Wednesday, January 22, 2014


There's a game I play sometimes.

I try to identify who among my former professors and/or scholarly acquaintances would most approve of both FatLand and Fat Poets Speak. Then I figure out who among them would least approve.

One former professor and one scholarly friend, I think, would most approve of FatLand and Fat Poets Speak. The professor, Dr. Gordon Fellman, taught Sociology at Brandeis. He is the one who augmented my early belief in Fat Liberation with what I would call Liberation Sociology, the Sociology of the Oppressed. He is the one who supplied the scholarly underpinnings for my linking oppression Sociology with intersectionality, although I didn't realize that this was what he was doing or that it would provide and buttress my own writing with scholarship on theories of oppression and change. I sent him a copy of FatLand and a letter telling him how much I appreciated his teaching and that it had eventually inspired me to understand the pattern of oppression of fat people that I later accessed and elaborated in FatLand.

Another scholarly friend who would highly approve of FatLand is Dr. Shelby Shapiro, whose studies of journals and magazines published for Jewish women and earlier articles about anarchism broadened my knowledge of tacit narratives of oppression and liberation. His sensitivity to irony and hidden markers of oppression and liberation, as well as his tolerance of people of different sizes and shapes, and his determination to consider fat people as experiencing the kind of discrimination and harassment that render them an oppressed group, would definitely indicate his approval of FatLand and Fat Poets Speak.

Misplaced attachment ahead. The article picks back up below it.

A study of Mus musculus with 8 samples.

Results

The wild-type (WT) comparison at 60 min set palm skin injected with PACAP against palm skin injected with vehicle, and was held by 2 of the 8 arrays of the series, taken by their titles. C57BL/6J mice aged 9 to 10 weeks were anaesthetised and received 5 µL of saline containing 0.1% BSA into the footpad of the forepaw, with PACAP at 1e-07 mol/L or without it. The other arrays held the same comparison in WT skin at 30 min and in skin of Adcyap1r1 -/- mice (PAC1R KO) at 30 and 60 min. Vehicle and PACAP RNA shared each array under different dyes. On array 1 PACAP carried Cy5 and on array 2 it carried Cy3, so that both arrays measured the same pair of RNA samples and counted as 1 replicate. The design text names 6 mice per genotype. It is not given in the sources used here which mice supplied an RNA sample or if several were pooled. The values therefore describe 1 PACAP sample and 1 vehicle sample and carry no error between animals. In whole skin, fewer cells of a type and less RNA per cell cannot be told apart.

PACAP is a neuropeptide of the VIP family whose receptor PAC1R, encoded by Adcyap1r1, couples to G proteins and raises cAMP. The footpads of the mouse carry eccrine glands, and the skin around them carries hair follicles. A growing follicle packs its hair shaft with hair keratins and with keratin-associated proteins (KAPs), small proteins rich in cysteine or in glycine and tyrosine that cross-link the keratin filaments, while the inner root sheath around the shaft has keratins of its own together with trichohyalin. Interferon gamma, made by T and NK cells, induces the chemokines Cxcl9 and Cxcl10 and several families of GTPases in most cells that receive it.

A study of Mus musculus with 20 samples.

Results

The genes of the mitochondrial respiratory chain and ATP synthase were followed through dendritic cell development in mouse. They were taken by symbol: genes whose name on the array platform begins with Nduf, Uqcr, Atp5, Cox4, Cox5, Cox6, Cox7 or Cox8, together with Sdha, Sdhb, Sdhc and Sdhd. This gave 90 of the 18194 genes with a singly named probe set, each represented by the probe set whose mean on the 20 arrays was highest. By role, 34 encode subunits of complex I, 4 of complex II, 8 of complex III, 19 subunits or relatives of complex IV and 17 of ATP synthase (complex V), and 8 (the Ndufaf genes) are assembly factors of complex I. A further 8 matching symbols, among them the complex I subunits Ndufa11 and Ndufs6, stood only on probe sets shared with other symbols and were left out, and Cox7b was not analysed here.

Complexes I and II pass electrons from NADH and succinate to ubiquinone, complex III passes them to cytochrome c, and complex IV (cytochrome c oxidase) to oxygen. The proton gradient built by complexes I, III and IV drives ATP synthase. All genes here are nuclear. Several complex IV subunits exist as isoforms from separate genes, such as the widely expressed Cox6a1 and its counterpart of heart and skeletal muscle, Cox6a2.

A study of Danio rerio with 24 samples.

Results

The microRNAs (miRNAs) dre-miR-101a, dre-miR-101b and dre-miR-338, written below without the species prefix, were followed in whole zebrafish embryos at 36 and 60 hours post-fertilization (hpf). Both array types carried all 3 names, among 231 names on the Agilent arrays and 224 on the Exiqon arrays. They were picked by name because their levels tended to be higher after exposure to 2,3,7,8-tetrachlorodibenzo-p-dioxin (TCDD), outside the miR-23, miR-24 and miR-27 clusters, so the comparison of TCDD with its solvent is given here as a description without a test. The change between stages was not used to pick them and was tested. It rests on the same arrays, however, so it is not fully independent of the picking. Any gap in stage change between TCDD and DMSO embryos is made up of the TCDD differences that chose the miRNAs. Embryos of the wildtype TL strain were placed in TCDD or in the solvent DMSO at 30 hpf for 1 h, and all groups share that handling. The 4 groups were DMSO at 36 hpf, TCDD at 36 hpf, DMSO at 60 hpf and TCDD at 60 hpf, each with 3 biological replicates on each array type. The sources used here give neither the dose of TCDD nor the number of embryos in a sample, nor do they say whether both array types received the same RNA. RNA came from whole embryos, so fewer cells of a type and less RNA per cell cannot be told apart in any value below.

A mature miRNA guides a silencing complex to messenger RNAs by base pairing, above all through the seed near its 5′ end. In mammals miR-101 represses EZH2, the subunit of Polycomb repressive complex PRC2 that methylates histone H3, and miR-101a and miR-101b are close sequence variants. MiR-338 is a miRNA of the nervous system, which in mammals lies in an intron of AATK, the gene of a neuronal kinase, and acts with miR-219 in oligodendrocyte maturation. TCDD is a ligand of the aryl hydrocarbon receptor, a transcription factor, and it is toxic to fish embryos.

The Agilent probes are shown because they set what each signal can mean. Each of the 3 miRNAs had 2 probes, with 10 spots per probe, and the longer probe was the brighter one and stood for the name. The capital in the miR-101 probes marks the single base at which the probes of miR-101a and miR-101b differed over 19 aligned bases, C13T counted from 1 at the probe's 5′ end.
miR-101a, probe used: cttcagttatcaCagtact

The person who would least approve of FatLand and Fat Poets Speak is a professor of education at the University of Pennsylvania who was so horrified by the possibility of my doing my class project on the oppression of fat people that she became almost hysterical when I mentioned it in class. I will not give her name. She mentioned in every class how she had or had not had time to visit the gym that day. She never did understand that being fat and going to a gym or exercising are not mutually exclusive. I feel sorry for any fat person who happens to take her class for credit (I quickly switched to auditing it when she made her anti-fat feelings known). It still disgusts me that there are professors at every level of higher education who feel this way and do not bother to understand or revise their beliefs.

And it thrills me that there are professors like my former sociology professor who inspire students to understand oppression and discrimination in their own lives and in the lives of those around them.